The NRL Magic Round could hit Auckland one day, although broadcasting arrangements would be the greatest stumbling block.

The inaugural eight-game extravaganza in Brisbane last weekend was a big success and is likely to become a permanent fixture on the league calendar.

Almost 135,000 fans attended across the four days at Suncorp Stadium and around a quarter of them travelled from outside Queensland.

The event generated an estimated $20 million for the Brisbane economy, which represents a substantial dividend on investment, as local government contributed $3 million towards the weekend.


However, the New South Wales government has already expressed interest in hosting the event, while Perth and Melbourne are seen as other possibilities.

The NRL will favour rotating between cities to ensure the event remains fresh and relevant.

So could Auckland one day host all 16 teams in eight games spread across three days?

The appetite is certainly there, as most Kiwis support a second NRL side along with the Warriors. The city could also count on significant inbound travellers from around New Zealand and across the Tasman.

And the experience garnered from the NRL Nines during 2014-17 built a strong relationship with the NRL and also demonstrated Auckland's logistical capabilities.

"We have always remained open-minded about further rugby league events in Auckland, and the success of last year's NRL double header at Mt Smart was an example of the innovation in that space," said Stuart Turner, head of major events at Auckland Tourism, Events and Economic Development (Ateed).

Turner emphasised they were focused on the 2019 schedule, which includes the Kiwis clash with Tonga next month at Mt Smart and the triple header at Eden Park in November.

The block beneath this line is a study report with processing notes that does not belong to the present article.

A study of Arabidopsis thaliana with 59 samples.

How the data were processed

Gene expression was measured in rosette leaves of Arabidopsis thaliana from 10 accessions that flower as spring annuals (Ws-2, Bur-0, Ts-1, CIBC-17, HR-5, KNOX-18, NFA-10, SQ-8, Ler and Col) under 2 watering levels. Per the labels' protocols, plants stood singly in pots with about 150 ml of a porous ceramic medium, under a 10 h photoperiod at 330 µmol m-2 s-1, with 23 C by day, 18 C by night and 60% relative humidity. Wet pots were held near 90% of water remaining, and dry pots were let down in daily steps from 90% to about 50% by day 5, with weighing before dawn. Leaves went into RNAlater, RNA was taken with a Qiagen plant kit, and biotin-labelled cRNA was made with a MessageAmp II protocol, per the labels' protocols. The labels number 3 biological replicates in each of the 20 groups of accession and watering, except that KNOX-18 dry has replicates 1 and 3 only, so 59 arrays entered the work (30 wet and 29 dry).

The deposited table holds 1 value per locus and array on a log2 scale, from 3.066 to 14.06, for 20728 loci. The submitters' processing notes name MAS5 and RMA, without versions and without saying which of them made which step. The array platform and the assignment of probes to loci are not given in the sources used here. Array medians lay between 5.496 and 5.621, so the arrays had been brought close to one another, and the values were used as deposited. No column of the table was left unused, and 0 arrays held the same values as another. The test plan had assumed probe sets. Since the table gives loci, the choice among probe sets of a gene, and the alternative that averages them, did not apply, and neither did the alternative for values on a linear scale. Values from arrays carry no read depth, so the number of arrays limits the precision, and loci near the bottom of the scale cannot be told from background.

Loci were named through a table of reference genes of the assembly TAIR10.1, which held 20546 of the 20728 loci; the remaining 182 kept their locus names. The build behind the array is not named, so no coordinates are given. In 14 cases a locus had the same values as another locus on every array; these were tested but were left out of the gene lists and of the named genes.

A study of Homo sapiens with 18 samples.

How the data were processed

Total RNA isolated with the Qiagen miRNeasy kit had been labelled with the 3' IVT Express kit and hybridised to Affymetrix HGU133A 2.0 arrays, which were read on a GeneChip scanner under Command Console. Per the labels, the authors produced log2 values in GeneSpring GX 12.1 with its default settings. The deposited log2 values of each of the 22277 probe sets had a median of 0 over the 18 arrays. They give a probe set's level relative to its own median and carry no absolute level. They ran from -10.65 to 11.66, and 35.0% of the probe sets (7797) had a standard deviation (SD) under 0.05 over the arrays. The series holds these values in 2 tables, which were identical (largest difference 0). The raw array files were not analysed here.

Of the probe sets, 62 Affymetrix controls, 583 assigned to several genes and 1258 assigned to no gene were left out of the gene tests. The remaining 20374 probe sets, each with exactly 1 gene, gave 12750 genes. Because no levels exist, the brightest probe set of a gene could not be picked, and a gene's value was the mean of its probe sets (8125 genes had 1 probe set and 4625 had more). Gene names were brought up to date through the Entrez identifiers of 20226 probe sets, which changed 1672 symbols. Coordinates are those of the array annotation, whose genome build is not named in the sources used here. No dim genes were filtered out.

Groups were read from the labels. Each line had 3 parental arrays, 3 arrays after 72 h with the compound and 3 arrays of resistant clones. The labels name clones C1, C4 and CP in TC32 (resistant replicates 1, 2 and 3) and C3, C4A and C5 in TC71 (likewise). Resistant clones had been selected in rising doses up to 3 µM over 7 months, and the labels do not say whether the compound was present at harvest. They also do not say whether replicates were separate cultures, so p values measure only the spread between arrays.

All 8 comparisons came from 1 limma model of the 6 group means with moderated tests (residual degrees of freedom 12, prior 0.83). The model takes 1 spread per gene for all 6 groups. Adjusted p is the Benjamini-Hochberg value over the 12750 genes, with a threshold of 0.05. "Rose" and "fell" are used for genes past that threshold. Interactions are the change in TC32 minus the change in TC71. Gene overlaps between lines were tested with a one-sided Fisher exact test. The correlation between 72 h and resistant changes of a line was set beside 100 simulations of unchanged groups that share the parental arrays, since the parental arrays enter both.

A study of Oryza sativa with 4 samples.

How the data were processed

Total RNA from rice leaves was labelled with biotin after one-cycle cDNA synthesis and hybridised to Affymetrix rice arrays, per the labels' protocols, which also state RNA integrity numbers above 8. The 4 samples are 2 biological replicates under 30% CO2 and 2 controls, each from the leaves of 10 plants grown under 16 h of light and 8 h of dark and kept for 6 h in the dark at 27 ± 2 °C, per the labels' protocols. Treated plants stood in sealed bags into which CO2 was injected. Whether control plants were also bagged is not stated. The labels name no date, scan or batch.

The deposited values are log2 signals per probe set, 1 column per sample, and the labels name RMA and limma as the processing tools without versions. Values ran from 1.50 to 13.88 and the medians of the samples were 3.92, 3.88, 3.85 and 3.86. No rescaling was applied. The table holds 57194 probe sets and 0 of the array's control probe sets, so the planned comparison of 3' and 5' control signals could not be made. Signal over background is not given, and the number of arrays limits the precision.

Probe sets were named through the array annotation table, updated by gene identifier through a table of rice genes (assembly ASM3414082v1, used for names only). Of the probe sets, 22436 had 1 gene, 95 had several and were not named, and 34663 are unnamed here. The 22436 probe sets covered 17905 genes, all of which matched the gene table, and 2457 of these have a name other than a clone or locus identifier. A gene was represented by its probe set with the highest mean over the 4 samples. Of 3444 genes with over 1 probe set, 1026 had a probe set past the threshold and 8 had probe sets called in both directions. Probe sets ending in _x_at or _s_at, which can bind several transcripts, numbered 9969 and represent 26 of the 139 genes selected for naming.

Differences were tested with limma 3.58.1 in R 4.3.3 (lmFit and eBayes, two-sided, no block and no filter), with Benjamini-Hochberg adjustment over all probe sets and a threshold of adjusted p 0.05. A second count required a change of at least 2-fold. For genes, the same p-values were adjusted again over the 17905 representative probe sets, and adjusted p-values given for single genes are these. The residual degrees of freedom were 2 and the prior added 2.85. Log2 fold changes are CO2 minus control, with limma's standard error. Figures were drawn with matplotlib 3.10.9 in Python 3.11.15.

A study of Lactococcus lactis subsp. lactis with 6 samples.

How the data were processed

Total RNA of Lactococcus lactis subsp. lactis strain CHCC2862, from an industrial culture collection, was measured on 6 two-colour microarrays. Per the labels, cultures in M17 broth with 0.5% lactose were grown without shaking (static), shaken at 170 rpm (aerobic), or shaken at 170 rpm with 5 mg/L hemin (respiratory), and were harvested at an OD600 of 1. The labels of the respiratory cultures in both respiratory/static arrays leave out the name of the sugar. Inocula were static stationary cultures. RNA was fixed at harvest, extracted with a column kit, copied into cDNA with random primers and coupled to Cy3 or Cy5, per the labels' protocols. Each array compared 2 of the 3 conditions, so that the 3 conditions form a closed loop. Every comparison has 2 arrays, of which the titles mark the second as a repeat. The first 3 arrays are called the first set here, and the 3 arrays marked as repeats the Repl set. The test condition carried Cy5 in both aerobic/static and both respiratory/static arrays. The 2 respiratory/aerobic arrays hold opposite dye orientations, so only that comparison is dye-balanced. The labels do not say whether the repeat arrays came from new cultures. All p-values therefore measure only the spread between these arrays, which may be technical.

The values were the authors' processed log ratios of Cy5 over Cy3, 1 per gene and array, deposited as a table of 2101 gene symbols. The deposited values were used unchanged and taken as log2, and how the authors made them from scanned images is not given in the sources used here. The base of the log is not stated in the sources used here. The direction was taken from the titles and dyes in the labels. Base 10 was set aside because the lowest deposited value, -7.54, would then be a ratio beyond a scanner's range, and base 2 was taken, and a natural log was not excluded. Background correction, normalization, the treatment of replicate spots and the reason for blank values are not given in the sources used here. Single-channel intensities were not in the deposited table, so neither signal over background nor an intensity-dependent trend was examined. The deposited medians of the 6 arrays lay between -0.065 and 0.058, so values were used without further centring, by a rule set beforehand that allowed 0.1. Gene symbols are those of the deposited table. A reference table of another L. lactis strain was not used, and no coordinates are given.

Gaining agreement on kickoff times would be the greatest hurdle for Auckland. The weekly NRL model includes Friday and Saturday games at 8pm and 7.30pm (Australian time) respectively, which would be too late for a stadium audience here, as well as the players.

The Magic round has been long established in the Northern Hemisphere but exceeded expectations in its first iteration Downunder. Aside from Australia and New Zealand, fans travelled from league strongholds in England for the event, as well as France, Papua New Guinea and the United States.

There was a festival air throughout, and the sight of three North Sydney Bears fans being wildly cheered as they walked down Caxton St summed up the occasion.

Jerseys from all 16 NRL teams were spotted, as well as echoes of the past with the Western Suburbs Magpies, Newtown Jets, Illawarra Steelers and South Queensland Crushers. The precinct around Suncorp Stadium and the Brisbane CBD was the perfect set-up for a sporting festival.

Most importantly, the action inside the arena was riveting, with numerous compelling storylines.

That should ensure the long-term future of the concept, in contrast to the Nines, which ultimately dived in popularity because there was nothing riding on the matches.